10/18/2011 11:50 am ET | Updated Dec 18, 2011

About Leadership: The Use and Abuse of PowerPoint

In some ways, the invention of PowerPoint, and of projectors to show computer generated slides, was a great thing. In my professional lifetime I have moved from presentations using glass lantern slides, with all the lettering drawn by hand using special ink and lettering devices, to 35 mm slides prepared a week or two in advance of a presentation, to overhead transparencies that could be made more or less up to the last minute, (but where the quality of anything but typed material was pretty marginal) to the computer generated slide.

Now we can show charts and graphs, photographs, interactive spreadsheets, animation -- in short we can take a presentation relying on words and bring it to life. Great. So how do most presenters use this new facility? By making slide after slide of words and bulleted lists, the most boring slides imaginable.

Why do we do this? To some extent, slides have always been a crutch for the weak communicator ("Even if they can't hear or understand me, they can at least read the message"), as if people would like to assemble someplace to read as a group, and for the speaker who does not really know his subject well enough to talk it through convincingly. PowerPoint seems to have added to these two weak justifications for slides the ability to prepare a talk at the last minute. Which, believe it or not, always comes out sounding like a talk prepared at the last minute.

Academics love to use slides, and their professional life is recorded on their slide collections. Somehow this tendency has pervaded industry. When I first came to work at Standard Oil of Ohio, I was asked to speak as part of a presentation to senior management of the company about the impact that arranging computer technology would have on the business. I duly prepared 45 (really, 45) slides to show, and thought they made a nice logical flow. Ten minutes after completing a rehearsal in front of our vice president, he appeared in my office and said "That was so bad I didn't know where to start," and as we spoke he showed me how I could do a more powerful presentation with three slides. I never looked back from that.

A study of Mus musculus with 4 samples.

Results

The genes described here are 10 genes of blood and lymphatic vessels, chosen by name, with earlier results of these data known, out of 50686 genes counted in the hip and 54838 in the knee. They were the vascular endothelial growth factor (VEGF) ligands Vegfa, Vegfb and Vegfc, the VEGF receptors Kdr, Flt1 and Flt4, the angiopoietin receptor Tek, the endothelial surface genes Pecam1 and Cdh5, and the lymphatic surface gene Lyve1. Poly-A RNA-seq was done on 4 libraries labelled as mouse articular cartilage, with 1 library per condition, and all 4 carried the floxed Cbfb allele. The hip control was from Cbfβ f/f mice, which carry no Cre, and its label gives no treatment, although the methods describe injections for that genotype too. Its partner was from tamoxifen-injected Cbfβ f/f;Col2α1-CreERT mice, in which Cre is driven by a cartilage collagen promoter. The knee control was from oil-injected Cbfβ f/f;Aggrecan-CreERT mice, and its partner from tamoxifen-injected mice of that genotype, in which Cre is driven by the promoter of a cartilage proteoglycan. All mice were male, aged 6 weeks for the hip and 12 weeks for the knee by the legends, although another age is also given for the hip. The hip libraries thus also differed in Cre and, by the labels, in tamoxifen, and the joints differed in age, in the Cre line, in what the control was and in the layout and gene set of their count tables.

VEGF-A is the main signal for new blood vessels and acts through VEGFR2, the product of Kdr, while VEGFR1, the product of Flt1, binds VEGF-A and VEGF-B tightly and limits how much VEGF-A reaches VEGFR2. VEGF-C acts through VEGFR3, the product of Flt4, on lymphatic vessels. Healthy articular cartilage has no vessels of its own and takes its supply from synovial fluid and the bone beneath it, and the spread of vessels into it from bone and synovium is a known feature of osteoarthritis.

There is an exception to this approach, and that is when many in the audience are non-native speakers of the language of the presentation. So if I am speaking in English in China, or Russia, or Argentina, I always want a full slide pack with words making the major points, because non-native speakers will have the reinforcement of reading with listening, and will not fall behind through trying to understand what point I was trying to make.

If you have any doubts about this, I have two suggestions. First, try to do a slideless presentation. Think about the four points you are going to make in a talk and how you are going to make them powerfully without slides. Then think about where you need to show something increasing or decreasing, and how that requires a graph. Think about shares that might require a pie chart. Or about how a photograph will convey beauty, ugliness, or scale. Second, read the little pamphlet by Edward Tufte called 'The Cognitive Style of PowerPoint' (available from, which also addresses some of the bad graphical approaches available in PowerPoint.

So here is where I suggest you start when you have to make a presentation, especially to a senior group: No slides, just talk. Then add back any slides with visual information that you are struggling to convey with words. If you do this, you will often find yourself giving talks with no slides, and many times, if there are several presentations being made in the meeting, you will be the exception, which is even better. Imagine the relief of, and the impact on, a senior executive group that has sat through several batteries of slides, when you come in, sit down, and just talk to them directly.

About Leadership is a series of 52 columns on corporate leadership -- essential skills, leading teams, managing your career, the strategic and business practices to make a company and its leader distinctive from competitors. These columns will be of interest to people leading small and medium sized companies today, many of whom have not had much formal training in management skills and techniques, for the many people in big companies who aspire to senior management, and for anyone who thinks: Give me a hint, how can I do this better?